According to a new report from charity CPRE, almost 14,500 hectares of the country’s best agricultural land, which could grow at least 250,000 tonnes of vegetables a year, has been permanently lost to development in just 12 years. The authors say this is enough to feed the combined populations of Liverpool, Manchester and Sheffield their recommended five-a-day fruit and vegetables.
Between 2010 and 2022, the amount of Best and Most Versatile (BMV) agricultural land set aside for development rose from 60 to 6,000 ha per year, with more than 300,000 homes built on more than 8,000 hectares of prime farmland over the same period. CPRE says that developers are ignoring the development potential of brownfield sites, which could accept more than 1.3 million homes.
‘Our research also reveals that an increased risk of severe flooding caused by climate change will further challenge our food security,’ the charity said in a statement. ‘More than 200,000 hectares – or 60% – of England’s finest Grade 1 agricultural land is within areas at the highest risk of flooding. This is because our most productive farmland is disproportionately close to river and coastal flood plains, with 75% of the best quality land in the East Midlands and 95% in the east of England at the highest risk level.’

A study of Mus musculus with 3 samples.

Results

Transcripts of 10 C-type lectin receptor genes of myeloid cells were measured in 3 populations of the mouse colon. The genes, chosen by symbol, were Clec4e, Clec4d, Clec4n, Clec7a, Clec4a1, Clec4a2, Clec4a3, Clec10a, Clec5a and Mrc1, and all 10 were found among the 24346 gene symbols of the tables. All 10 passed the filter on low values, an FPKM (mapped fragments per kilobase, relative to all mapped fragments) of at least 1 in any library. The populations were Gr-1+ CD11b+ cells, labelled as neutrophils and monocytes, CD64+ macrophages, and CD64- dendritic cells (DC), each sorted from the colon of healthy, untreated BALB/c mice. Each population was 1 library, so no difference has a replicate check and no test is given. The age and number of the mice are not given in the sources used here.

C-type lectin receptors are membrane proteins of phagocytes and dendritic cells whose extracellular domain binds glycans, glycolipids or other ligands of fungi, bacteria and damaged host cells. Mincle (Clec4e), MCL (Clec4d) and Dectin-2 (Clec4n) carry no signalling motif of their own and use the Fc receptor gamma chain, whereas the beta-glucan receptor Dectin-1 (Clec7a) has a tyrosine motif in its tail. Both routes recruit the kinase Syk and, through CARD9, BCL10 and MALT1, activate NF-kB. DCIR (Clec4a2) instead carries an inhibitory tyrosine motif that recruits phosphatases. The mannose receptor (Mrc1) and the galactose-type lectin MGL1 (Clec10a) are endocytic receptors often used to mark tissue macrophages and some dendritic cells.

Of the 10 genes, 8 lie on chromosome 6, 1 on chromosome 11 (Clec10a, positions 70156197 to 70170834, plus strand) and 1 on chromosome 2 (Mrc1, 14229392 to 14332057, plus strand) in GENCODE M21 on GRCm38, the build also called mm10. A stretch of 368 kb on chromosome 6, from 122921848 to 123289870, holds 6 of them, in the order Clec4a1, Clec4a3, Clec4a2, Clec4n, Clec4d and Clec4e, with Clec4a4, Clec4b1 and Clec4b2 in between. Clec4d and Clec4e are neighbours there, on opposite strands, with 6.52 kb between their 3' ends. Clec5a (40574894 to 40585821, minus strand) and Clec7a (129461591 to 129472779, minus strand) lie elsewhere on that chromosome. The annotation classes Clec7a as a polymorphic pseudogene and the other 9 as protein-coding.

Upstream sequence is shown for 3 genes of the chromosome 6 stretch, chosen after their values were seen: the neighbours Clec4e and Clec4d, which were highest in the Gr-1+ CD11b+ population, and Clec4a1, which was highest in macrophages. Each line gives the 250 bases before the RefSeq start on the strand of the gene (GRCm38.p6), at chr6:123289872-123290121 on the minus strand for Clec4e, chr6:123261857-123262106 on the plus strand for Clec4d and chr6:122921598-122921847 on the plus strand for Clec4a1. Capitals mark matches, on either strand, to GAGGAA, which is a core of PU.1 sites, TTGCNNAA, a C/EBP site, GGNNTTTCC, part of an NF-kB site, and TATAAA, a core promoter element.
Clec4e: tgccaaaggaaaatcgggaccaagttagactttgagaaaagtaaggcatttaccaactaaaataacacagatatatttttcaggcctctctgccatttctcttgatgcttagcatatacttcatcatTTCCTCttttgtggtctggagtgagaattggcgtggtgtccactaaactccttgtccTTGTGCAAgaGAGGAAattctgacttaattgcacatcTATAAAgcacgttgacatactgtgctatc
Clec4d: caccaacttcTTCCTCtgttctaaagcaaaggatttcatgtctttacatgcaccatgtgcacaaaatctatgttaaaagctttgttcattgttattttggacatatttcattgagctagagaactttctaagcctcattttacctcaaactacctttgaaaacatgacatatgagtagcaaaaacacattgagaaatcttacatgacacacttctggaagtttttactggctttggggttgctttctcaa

Crispin Truman, chief executive of CPRE, the countryside charity, said, “For the first time in several generations, our food security is at risk – yet we’ve seen a 100-fold increase in the loss of our best farmland to development since 2010. Heating, eating and housing are fundamental needs. A healthy environment, mitigating and adapting against the devastation threatened by the climate emergency, is the bedrock that underpins them all. We need to know what to put where. That’s why we need a land use strategy.
“Maintaining agricultural land for domestic food production is critical. This must be achieved in the context of addressing and adapting to climate change, reversing the loss of nature and increasing demands on land for other purposes, not least housing and production of renewable energy.”